Women in Product: How to Combat Bias in Product Management

Traditional industries like retail, insurance, and banking may have a lot to learn from the software industry to evolve into digital enterprises, but they have plenty to teach as well. Especially when it comes to diversity and inclusion.

Take retail, for example. Long before the software industry was reporting the demographics of its leadership and boards, retailers diversified their stores and corporate leadership to represent the people in the communities they serve.

In 2005, Macy’s boasted a 50/50 split of men and women on its board of directors. Today, a woman serves as chief digital officer, and VP of PM Ana Grace counts five women on her team of seven product managers. That’s still not typical for a product team, she told a group gathered for a workshop hosted by Women in Product at ProductCraft: The Conference in San Francisco on May 9. But it certainly shows progress.

Survey Says …

Women in Product hosted the session to spotlight the results of its recent advocacy survey and brainstorm new ways to grow and advocate for more representation of women in product. Joining Grace was former Women in Product executive director Anne Cocquyt and Elena Luneva, head of product at Nuna.

Women in Product has built a massive following since its 2016 start. It counts more than 14,000 members and 35 chapters around the world. The organization’s annual conference, coming this November, attracts more than 5,000 attendees each year.

Yet, the data still shows a long way to go before women match men in product roles. 72 percent of survey respondents said women hold fewer than 50 percent of the PM roles in their organizations; 69 percent said fewer than 25 percent of product leadership roles are held by women. Their combined eNPS score was 11.

Women in Product at ProductCraft: The Conference.
Women in Product at ProductCraft: The Conference.

Grace had a lot of advice to lend the room—she’s spent her career in retail. She recently left Walmart, where a new returnship program recently brought 30 people—mostly mothers—back to engineering and product jobs after taking time off to be with their children. Walmart partnered with an organization called Path Forward to create this internship-like program, and found it so successful that they’re expanding the program this year to open up to 100 technical positions for people returning to work.

Prior to Walmart, Grace worked at Best Buy, where company data proved that a mix of males and females on the sales floor led to a massive increase in sales.

Combating Bias in Hiring

There are some practices she took away from her work at those companies and has brought to Macy’s. First, she and her team hold themselves accountable to ensuring they don’t hire without a diverse slate of candidates. She uses writing tools like Textio to analyze job descriptions for any inherent bias.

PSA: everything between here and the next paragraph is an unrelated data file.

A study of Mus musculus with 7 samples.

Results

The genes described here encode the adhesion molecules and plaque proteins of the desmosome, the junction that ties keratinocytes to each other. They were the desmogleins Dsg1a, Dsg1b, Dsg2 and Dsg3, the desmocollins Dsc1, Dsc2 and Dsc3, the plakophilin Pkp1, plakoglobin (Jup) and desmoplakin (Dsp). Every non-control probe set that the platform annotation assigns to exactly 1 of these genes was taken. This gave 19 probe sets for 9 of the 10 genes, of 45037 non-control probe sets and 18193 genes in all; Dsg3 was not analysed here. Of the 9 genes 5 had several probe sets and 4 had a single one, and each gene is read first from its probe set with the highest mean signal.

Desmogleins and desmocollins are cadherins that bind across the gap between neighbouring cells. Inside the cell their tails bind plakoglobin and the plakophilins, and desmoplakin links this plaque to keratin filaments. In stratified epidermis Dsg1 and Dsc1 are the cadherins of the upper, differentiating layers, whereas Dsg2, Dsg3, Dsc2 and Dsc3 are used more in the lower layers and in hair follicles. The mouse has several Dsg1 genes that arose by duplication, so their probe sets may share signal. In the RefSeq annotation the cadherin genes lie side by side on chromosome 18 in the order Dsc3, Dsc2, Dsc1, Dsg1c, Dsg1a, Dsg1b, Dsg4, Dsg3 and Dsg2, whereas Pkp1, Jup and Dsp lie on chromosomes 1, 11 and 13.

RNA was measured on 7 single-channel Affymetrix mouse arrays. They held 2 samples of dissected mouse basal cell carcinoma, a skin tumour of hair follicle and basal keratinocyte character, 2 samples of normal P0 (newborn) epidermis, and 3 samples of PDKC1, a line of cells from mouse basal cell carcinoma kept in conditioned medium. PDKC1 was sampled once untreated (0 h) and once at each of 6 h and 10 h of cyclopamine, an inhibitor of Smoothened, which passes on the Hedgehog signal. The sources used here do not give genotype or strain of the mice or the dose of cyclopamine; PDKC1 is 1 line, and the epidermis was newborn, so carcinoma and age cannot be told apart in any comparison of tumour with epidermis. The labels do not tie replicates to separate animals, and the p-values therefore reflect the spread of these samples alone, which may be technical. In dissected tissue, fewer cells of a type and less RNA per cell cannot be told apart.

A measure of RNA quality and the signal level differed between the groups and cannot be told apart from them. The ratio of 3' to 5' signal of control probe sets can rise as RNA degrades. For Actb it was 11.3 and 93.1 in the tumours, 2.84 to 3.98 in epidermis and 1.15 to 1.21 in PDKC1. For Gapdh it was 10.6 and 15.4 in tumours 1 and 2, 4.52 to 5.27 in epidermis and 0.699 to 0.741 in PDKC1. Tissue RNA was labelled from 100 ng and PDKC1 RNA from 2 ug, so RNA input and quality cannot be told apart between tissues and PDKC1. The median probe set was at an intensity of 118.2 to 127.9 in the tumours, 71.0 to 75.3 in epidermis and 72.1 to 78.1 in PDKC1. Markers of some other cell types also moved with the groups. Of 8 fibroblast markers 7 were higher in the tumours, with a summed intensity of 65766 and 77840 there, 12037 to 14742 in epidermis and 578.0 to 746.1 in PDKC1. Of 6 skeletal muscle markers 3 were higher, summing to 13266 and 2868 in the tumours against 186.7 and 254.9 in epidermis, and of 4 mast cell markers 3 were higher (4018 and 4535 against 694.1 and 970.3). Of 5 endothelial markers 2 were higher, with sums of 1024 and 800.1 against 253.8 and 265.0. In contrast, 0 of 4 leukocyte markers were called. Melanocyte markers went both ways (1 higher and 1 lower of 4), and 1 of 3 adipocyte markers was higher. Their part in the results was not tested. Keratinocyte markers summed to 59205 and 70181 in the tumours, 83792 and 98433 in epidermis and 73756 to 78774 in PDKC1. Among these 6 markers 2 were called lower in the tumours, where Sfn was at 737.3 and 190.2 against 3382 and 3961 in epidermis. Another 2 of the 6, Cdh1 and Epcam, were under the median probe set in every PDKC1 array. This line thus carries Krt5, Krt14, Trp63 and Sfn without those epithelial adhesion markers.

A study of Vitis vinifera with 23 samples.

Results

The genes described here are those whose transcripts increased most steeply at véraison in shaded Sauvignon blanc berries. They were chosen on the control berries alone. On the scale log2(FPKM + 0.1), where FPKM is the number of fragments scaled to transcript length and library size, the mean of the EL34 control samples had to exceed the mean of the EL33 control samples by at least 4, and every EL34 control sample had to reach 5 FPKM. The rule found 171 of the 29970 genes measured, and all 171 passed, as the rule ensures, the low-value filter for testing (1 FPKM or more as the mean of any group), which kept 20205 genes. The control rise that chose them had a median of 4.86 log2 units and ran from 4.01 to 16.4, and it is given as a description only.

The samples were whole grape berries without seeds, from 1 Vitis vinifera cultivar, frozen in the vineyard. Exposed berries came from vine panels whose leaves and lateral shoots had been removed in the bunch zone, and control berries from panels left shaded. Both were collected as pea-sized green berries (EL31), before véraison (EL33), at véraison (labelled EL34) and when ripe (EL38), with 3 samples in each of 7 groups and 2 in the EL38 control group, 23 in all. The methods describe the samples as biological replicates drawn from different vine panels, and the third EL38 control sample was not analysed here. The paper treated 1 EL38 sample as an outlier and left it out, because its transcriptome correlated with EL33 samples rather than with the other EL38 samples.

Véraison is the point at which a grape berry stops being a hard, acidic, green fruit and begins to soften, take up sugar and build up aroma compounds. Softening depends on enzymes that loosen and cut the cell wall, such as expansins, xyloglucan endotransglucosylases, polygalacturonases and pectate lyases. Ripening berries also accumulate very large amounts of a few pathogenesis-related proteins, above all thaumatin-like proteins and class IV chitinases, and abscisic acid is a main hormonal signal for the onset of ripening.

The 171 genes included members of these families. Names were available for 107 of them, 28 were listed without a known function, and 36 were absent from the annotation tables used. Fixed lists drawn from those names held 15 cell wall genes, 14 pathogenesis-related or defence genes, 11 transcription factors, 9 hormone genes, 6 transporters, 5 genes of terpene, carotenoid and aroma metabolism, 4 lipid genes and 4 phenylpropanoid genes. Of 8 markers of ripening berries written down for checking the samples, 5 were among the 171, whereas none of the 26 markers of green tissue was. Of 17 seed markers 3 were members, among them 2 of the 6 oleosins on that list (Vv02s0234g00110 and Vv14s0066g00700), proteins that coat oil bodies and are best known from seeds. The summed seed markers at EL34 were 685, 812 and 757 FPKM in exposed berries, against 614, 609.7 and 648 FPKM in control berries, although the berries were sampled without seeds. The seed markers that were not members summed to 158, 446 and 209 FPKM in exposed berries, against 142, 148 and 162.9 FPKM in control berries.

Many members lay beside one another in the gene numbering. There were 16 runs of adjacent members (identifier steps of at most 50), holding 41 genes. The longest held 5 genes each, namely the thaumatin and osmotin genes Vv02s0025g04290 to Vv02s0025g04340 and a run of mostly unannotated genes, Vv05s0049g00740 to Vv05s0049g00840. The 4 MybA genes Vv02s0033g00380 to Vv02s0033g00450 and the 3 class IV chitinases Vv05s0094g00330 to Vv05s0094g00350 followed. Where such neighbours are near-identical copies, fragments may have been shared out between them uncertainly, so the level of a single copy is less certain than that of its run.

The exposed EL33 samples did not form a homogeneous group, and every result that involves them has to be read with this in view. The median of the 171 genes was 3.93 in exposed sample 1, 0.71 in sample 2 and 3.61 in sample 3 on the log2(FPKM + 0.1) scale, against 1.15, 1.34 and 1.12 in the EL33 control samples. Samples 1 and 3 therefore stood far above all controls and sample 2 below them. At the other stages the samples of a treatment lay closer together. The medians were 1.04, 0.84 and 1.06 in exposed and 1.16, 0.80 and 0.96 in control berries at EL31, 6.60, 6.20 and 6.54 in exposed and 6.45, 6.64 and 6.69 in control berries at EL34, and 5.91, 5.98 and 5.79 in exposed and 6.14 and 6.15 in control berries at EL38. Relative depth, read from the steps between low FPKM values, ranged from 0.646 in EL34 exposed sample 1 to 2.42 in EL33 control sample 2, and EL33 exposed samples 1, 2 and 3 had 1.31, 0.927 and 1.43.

And she spends a ton of time on LinkedIn and the phone. She sets aside time every week to research and reach out to a diverse set of product managers, regardless of whether she’s immediately hiring. “I’m taking calls all the time just to get to know people,” she says.

Cocquyt and Luneva had advice to share too, some detailed in the findings of the report. Luneva always looks beyond her own network to boost the diversity of job candidates. Her recruiting partner, for example, is lesbian and ensures jobs are posted on a variety Slack channels and groups like Lesbians Who Tech. She’s also willing to hire outside of San Francisco to find diverse talent—she’s hired designers in Barcelona and engineers in Russia.

Luneva also suggests using the tried and true PM practice of A/B testing recruiting messages and job descriptions to ensure you get the right mix of candidates for a job.

During the interview process, she always asks candidates who else they’d like to speak with beyond the selected interview panel. “It shows we care about them as a person,” she told the group. And that’s ultimately good for the candidate experience.

Tours of Duty

A compelling idea suggested by all three women was the idea of offering a “tour of duty” for existing employees curious about a career change into product. Offer a chance to work in product for a month or a quarter, or to take on a cross-functional project alongside the product team. Ensure the team has the ability to mentor and coach that person. The goal is to focus on one core skill during that time, and then evaluate whether they are still interested in the role and if there’s a business need after that sort of trial period.

Cocquyt pushed the audience to define diversity as “including all of us,” pointing to other biases like hiring someone who shares similar interests such as working out at SoulCycle. And Grace called out ageism as a challenge for tech as big as race. A phrase to watch out for during the recruiting process for in both cases is “culture fit,” either bad or good.

Cocquyt asked each woman to share a final piece of advice for the room.

Grace challenged the attendees to speak up, be brave and aggressive—when you become a champion for diversity, you create a groundswell, she says.

Spoken like a true PM, Luneva encouraged the group to take one step a week, starting with an MVP. Then, “improve and discover and make it better,” she said.

For more best practices and advice, check out the full study.